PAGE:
Social care placing 'unbearable burden' on Shropshire families

A Labour group insists Shropshire families are facing an "unbearable burden" and huge bills for adult social care.

Councillor Kate Halliday
Councillor Kate Halliday

The Shrewsbury and Atcham Labour Group says it wants to see a more "effectively funded and organised" system, with Shropshire Council at the forefront of its delivery.

The group says the current government’s recently announced package of reforms will eventually provide some funds over a three-year period from April 2022, but little in the ways of actual delivery mechanisms, and until an effective strategy is delivered the Adult Social Care will remain in crisis.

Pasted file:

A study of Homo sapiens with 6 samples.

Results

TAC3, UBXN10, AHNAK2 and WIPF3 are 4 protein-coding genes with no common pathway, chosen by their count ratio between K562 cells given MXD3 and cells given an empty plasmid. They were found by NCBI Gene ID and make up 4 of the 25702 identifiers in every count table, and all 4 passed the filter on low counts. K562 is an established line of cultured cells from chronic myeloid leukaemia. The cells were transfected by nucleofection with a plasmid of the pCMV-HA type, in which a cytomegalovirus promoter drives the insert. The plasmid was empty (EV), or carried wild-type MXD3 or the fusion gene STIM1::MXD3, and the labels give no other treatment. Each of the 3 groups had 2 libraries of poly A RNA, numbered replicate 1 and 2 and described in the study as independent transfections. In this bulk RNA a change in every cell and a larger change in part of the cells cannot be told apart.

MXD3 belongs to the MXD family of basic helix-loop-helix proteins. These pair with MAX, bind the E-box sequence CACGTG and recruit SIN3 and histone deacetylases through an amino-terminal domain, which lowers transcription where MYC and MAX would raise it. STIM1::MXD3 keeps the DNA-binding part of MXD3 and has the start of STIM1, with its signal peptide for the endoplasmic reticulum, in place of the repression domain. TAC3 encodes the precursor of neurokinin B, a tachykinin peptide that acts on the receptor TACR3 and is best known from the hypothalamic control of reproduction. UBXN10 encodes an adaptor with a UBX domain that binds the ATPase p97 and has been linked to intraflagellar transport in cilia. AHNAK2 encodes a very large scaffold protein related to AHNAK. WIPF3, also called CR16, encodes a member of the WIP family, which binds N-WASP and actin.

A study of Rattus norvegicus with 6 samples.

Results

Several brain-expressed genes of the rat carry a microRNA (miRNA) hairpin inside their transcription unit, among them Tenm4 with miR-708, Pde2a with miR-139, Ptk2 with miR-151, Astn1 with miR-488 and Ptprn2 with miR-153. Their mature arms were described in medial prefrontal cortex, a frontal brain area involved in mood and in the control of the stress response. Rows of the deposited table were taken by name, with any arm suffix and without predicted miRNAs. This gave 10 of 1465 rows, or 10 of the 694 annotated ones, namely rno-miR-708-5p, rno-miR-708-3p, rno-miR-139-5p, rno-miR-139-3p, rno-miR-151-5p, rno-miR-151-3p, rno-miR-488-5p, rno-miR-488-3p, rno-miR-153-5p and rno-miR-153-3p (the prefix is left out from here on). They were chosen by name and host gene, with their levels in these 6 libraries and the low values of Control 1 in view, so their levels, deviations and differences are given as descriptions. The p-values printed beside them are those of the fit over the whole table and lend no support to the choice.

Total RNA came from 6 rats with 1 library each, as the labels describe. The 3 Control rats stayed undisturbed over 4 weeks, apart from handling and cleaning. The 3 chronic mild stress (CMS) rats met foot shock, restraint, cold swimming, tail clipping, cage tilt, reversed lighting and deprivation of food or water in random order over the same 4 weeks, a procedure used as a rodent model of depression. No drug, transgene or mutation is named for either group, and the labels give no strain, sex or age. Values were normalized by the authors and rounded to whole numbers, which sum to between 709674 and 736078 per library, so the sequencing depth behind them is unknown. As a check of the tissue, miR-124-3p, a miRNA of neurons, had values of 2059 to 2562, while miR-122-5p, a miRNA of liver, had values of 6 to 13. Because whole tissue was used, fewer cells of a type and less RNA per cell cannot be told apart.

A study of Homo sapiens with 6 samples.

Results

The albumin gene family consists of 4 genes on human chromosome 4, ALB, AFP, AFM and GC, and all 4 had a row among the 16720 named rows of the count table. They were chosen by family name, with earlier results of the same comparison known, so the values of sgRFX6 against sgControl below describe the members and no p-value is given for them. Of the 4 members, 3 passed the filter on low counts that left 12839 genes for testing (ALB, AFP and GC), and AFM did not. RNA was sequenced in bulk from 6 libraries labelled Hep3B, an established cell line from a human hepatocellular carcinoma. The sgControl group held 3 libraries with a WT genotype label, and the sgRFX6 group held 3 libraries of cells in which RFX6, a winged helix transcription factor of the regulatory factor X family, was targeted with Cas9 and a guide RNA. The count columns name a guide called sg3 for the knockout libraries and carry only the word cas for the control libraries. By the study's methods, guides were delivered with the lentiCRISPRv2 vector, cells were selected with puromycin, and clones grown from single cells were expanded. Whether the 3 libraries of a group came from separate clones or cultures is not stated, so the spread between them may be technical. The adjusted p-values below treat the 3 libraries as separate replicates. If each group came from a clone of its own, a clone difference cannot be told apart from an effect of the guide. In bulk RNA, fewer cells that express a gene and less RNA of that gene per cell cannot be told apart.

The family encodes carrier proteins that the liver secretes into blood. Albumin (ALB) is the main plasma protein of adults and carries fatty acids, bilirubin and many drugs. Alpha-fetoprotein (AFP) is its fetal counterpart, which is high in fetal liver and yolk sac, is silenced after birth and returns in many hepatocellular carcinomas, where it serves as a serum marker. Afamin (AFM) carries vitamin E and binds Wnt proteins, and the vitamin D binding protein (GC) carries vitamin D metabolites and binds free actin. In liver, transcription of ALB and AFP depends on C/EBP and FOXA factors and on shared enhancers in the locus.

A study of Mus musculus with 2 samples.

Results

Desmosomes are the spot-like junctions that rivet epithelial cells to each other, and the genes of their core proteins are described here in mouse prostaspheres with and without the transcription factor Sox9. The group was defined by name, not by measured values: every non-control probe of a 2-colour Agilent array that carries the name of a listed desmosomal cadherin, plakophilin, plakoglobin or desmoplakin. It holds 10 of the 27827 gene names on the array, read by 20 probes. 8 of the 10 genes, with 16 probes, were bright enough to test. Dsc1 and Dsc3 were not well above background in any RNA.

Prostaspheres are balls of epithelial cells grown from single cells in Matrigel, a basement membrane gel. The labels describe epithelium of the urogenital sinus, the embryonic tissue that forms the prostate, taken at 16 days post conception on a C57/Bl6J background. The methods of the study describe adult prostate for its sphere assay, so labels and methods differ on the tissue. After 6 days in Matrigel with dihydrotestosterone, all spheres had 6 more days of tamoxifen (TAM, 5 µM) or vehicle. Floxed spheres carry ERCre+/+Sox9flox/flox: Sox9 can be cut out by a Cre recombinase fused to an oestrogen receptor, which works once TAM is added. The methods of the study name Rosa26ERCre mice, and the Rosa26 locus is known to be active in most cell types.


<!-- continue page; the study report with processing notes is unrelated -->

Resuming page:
Labour councillor Kate Halliday, who represents Belle Vue, said: “The failure of the government to provide the care older people need is placing an almost unbearable burden on many local families.

"Following the National Census of 2011, the number of unpaid carers in Shropshire was estimated to be 34,000 but that figure may well have doubled over the intervening 10 years. There are an estimated 10,500 employed in the sector.”

Shrewsbury Labour spokesperson Ian Barber, added: “Older people who need social care are often faced with huge bills.

"Some local residential care homes are charging over £1,000 a week.

"The government has said it will introduce a lifetime cap on ‘personal care’ costs of £86,000 in 2023, but even then, accommodation and food spending will be excluded and it is expected that only care authorised following a local authority assessment will be counted.

"It is grossly unfair that those living with dementia or other long-term conditions should face catastrophically high costs which eat up their life savings or force them to sell their homes.”